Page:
New Travel Guidance Issued by the WHO
The World Health Organization (WHO) announced updated travel guidance, acknowledging that travel bans can't stay in place indefinitely.
The WHO’s guidance published on July 30, 2020, states that removing travel restrictions should be based on local risk assessments in destination and departure countries.
There is no “zero-risk” when considering the potential importation or exportation of viruses in the context of international travel.
The following factors should be considered: public health and health service capacity at national and subnational levels to manage suspect and confirmed cases among travelers, including at points of entry (ports, airports, ground crossings) to mitigate and manage the risk of importation or exportation of disease.
The use of “Immunity certificates” for international travel in the context of COVID-19 is not currently supported by scientific evidence and therefore not recommended by WHO. More evidence is needed to understand the effectiveness of rapid SARS-CoV-2 antibody tests when determining a person’s actual disease immunity.
National surveillance systems for COVID-19 would benefit from the information shared through existing respiratory disease surveillance systems, such as those for influenza, influenza-like-illness, or severe acute respiratory illness.
In addition to the public health risk posed by the COVID-19 pandemic, countries should also take into account other economic, political, and social considerations when deciding on resuming international travel. Such considerations should be assessed with relevant stakeholders and appropriate experts and authorities.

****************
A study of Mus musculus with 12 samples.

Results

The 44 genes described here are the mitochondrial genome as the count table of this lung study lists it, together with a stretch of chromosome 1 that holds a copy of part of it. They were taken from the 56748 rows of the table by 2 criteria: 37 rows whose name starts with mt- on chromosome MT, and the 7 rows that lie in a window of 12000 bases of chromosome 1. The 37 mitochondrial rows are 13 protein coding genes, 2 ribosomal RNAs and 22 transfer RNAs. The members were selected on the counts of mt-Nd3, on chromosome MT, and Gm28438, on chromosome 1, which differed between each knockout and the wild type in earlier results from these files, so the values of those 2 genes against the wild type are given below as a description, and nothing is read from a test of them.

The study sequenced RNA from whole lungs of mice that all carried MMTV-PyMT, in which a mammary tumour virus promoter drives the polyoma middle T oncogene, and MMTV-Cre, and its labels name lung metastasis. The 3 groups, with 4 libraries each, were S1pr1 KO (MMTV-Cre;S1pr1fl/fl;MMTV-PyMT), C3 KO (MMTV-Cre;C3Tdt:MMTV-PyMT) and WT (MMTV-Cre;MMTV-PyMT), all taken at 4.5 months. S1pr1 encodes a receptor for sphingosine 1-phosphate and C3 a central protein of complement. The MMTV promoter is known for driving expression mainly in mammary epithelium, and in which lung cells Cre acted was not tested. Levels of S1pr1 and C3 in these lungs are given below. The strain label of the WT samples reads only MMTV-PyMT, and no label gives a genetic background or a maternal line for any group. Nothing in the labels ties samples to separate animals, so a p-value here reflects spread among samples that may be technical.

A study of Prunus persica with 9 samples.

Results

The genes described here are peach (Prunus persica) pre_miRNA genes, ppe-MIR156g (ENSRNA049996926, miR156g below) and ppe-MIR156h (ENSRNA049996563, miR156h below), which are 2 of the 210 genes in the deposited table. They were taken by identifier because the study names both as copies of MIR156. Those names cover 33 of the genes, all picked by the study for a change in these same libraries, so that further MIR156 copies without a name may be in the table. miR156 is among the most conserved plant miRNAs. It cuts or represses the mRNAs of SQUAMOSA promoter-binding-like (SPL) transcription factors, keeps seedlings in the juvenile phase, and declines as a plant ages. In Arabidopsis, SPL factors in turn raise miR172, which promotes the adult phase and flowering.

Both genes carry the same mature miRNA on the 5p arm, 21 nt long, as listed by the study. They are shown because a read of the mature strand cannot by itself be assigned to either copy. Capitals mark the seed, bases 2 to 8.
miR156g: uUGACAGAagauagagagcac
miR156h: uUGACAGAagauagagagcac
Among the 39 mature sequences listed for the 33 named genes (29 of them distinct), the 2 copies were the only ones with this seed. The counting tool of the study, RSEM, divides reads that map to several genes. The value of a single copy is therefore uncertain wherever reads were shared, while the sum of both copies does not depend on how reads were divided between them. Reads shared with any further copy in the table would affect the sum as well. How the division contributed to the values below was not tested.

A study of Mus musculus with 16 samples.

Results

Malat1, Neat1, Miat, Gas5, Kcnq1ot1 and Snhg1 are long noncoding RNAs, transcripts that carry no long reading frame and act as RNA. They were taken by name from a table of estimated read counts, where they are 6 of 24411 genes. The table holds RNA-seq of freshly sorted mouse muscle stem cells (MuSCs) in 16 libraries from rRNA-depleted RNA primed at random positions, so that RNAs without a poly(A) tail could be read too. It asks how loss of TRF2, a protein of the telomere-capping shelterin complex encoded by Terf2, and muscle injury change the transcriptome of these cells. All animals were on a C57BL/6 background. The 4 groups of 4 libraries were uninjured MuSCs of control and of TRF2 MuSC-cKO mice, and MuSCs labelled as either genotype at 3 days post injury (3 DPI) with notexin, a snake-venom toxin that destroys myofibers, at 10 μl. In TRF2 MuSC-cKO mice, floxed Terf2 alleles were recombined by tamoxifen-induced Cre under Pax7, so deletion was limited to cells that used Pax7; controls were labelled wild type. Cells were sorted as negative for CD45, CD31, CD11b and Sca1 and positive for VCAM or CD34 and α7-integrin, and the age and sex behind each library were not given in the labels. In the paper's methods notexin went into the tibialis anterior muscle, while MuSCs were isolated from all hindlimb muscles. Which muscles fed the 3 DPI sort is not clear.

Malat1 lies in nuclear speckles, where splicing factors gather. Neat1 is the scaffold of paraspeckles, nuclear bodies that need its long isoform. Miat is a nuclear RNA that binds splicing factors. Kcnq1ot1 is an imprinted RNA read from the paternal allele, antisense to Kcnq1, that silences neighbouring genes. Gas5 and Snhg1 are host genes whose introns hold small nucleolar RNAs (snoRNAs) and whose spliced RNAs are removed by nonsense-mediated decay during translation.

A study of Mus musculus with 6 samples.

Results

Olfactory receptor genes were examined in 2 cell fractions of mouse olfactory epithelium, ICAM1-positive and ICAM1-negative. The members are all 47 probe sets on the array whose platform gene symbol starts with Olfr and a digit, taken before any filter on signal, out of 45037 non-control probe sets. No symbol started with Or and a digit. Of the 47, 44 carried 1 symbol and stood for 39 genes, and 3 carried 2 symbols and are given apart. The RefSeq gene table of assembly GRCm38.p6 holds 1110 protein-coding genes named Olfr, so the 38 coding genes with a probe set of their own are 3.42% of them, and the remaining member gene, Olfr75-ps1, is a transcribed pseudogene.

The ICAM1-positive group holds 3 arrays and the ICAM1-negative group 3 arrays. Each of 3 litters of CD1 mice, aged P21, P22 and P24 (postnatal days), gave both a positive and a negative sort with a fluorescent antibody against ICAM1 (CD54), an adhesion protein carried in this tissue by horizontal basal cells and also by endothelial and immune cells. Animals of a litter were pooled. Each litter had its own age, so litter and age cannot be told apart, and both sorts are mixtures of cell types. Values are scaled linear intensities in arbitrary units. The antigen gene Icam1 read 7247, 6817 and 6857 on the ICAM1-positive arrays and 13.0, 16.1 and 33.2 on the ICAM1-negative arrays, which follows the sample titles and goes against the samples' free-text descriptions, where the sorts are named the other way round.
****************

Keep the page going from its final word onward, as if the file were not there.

Some countries are already using or are considering the use of digital tools to support contact tracing efforts. These include mobile phones and apps for location tracking or proximity tracing, and/or for symptom reporting during the 14-day post-arrival period.
Mobile phones and apps can be effective in identifying and informing travelers who may have been in contact with a person confirmed to have COVID-19 or a positive test for COVID-19 only if a large proportion of the general population uses such an app.
For travelers, issues of compatibility and data sharing between countries need to be considered, should international contact tracing be warranted. Before adopting such digital tools, countries may want to consider legal and ethical aspects related to individual privacy and personal data protection.
Such technology cannot replace public health contact tracing but may be considered as an adjunct under specific conditions that the WHO has recommended.
When a cluster or chain of transmission involves several countries, international contact tracing can be done in a coordinated and collaborative manner through rapid information sharing via the international network of National IHR Focal Points (NFPs).
The NFPs are accessible at all times and can receive direct support from the regional WHO International Health Regulations (IHR) Contact Points. The contact details of all National IHR Focal Points and WHO IHR Contact Points in the regions can be found in the WHO Event Information System, which is accessible to national health authorities.
It is essential to proactively communicate to the public through traditional media, social media, and other channels about the rationale for gradually resuming international travels.
These tactics and others are essential to rebuilding trust when traveling internationally.